What the Rosary Means to Me
“The Rosary is a part of my life, and of who I am. There is an authentic deep sense of consolation for me in Mary’s maternal presence,” writes Kelvin Banda OP
One of the joys I experience as a Catholic and as a Dominican scholastic, is to pray the Rosary every day, either in the morning or evening.
The Rosary is a simple, yet profoundly powerful and beautiful prayer that Christians cannot afford to live without. Daily devotion to the Rosary is a powerful witness to prayer that enhances my spiritual life through the visiting of the inner sanctuary of God’s castles in prayer.
Whenever I say the Hail Mary, it resonates in my heart like the echo sounds of seraphim in heaven whenever they sing Holy, Holy to God.
Even when I feel that I am unable to say the Rosary, such an experience revives me and gives me the strength to pray it anyway.
For me, the Rosary is a powerful, fruitful and unique example of devotion to Mary that rests in the heart of the Church. The Rosary is a unique prayer that is loved by many priests and laity alike; furthermore, it represents Mary’s particular role in our lives as an intercessor.
Pope John Paul II in his apostolic letter on the Rosary, Rosarium Virginis Mariae (2002) described the prayer as “simple yet profound”.
“It still remains…a prayer of great significance, destined to bring forth a harvest of holiness.”
There have been times when praying the morning Rosary that I have experienced this harvest of holiness. Actually, we need only one special person whose holiness shines to pray with us, to feel what a harvest of holiness is like: the Blessed Virgin Mary.
The Rosary has brought such joy in my life, as I believe it has done for many who pray with our beloved mother Mary. The Rosary is a part of my life, and of who I am. There is an authentic deep sense of consolation for me in Mary’s maternal presence.
The Rosary speaks so clearly of Mary’s abiding love for me and for all humanity. This happens whenever I pray, especially in times of trouble, loneliness, and so on.
A calming power
Mary’s maternal presence smooths my anxiety and troubles. This is because of the repetition of the prayer and the contemplation of the mystery at hand. It has a way of gracefully bringing me to a quiet resting.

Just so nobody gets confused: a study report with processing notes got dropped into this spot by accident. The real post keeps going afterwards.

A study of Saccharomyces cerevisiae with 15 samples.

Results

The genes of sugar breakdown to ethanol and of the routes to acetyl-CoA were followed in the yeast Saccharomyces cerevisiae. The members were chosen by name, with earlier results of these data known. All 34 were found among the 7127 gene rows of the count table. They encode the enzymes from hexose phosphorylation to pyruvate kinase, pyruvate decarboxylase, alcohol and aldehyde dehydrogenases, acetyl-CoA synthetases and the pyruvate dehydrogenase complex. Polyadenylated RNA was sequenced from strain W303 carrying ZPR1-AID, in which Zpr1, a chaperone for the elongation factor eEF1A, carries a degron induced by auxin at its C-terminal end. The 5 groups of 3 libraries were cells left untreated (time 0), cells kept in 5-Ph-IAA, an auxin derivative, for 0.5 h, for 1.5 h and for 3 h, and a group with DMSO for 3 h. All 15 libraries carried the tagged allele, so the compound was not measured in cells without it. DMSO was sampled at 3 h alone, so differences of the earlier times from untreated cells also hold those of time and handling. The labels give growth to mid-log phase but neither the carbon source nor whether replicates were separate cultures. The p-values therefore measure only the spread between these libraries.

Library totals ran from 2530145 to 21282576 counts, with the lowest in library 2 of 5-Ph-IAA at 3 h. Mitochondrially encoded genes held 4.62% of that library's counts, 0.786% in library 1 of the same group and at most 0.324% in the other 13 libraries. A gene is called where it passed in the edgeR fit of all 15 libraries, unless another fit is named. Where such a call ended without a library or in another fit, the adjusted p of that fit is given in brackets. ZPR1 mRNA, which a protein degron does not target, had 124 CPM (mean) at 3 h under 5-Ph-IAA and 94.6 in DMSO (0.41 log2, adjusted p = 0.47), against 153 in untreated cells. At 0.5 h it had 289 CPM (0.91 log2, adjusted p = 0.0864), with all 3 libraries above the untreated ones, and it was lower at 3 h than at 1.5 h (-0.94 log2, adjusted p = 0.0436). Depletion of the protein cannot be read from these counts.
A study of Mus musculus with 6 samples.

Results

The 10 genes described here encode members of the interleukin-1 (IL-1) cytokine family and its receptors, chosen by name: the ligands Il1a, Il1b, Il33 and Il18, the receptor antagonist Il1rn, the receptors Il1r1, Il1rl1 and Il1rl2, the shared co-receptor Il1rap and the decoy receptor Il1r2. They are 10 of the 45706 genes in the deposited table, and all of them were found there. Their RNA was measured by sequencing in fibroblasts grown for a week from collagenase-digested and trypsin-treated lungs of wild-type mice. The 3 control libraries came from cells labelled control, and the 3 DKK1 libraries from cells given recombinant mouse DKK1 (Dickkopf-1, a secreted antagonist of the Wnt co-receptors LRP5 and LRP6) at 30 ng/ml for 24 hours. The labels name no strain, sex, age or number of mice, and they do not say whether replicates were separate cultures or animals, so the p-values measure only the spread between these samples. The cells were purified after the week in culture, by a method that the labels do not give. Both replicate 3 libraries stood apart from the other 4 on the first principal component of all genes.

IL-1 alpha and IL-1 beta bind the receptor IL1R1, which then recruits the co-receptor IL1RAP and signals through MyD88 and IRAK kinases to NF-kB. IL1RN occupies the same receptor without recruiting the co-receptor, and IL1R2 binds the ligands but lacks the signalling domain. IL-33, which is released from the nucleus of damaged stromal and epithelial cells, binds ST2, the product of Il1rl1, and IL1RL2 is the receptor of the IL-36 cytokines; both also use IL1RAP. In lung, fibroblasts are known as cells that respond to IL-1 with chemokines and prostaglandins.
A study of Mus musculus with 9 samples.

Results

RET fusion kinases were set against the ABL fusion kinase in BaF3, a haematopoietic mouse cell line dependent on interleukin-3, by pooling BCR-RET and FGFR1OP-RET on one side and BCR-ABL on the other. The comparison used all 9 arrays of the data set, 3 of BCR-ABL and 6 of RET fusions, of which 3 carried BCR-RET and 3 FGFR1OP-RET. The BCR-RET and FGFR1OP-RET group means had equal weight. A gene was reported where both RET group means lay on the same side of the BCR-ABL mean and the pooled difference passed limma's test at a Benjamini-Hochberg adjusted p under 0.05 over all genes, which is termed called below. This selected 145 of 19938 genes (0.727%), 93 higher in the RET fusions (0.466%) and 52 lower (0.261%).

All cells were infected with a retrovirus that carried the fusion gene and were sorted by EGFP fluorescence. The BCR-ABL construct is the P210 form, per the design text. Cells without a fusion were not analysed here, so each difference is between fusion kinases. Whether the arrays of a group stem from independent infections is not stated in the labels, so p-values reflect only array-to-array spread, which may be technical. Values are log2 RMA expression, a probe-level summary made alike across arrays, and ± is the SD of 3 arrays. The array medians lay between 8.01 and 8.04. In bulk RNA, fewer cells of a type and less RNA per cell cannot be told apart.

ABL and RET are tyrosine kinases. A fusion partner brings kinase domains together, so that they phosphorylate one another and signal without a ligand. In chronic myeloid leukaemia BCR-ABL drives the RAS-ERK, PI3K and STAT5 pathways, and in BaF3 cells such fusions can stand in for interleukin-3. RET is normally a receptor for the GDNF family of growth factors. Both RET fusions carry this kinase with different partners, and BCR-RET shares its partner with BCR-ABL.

The Rosary becomes even richer by calming me down before the mysteries of Christ when I am all alone in the early morning, either in my room, or in the chapel with only the light from the tabernacle radiating the presence of Christ and of our mother of perpetual help lit in my heart.
St Dominic spoke to God about people during the night and to people about God during the day.
By the time I have finished praying the Rosary, there is an intrinsically spiritual change in me as the Rosary echoes the mysteries of Christ and Mary’s maternal help. This gives me hope that the day will be fruitful and beautiful, filled with many blessings and that even challenges that may come my way will be overcome. I doubt no longer that God, with Mary our mother of perpetual help, will carry and rescue me.
Each person has been gracefully blessed with their own spiritual insights as one ponders on the life of Christ in the mysteries of the Rosary. For me, it is the Rosary that has led to a beautiful growth of my spiritual life.
Pope John Paul II wrote in his apostolic letter on the Rosary that “to recite the Rosary is nothing other than to contemplate with Mary the Face of Christ”. Although the Rosary is Marian in its character; it is at its heart a Christo-centric prayer. It is rooted in Christ.
The Rosary is a compendium of the whole Gospel — it echoes the prayer of Mary in the beautiful Magnificat where she praises God for the wonderful love God has for her.
“With the Rosary, we sit at the school of Our Lady and contemplate the beautiful face of Christ and experience the depths of the love of Christ,” John Paul II wrote.
Mary lived with Christ. She was his mother. Her eyes were always fixed on him. Her heart was broken because of the cruelty of those who crucified Christ. This can be the feelings of any of our mothers. Like any mother who raises a child, Mary had many memories of Christ. The Gospel of Luke tells us that Mary pondered and treasured the memories of Christ in her heart.
Those memories which Mary pondered in her heart are her Rosary. A living Rosary which she prayed uninterruptedly throughout her earthly life. And when we pray the Rosary, we too enter into those memories and the contemplative gaze of those memories.
Watch Christ through Rosary
Above all, Pope John Paul II writes, “the Rosary mystically transports us to Mary’s side as she is busy watching over the human growth of Christ in the home at Nazareth.”
We watch Christ grow in wisdom, knowledge and grace in the Gospels as he moves from Nazareth, to the Sea of Galilee, and to his death in Jerusalem on Calvary, and finally to his Resurrection in the tomb in the garden.
The Rosary comes from the rose garden. The rose is the symbol of joy. In the Litany to the Blessed Mary, Mary is properly referred to as the “cause of our joy”. And so she is our joy as she brought and continually brings Christ to us. Christ is the joy of our lives.
From Mary and her spirituality, each person is led to a deeper joy in Christ. St Francis once said: “If a town does not pray, then, the town labours in vain.” This simple wisdom can be applied to the Rosary.
The Rosary is a prayer. It is not simply a repetition of words. It is a prayer from our hearts to the heart of Mary, our mother of perpetual help, and it leads us to treasure, like her, the very memories that she pondered in her heart. All those memories enable us to see and to bring us into the presence of Christ.
Pray the Rosary and experience the power that it brings to all those who are devoted to Mary.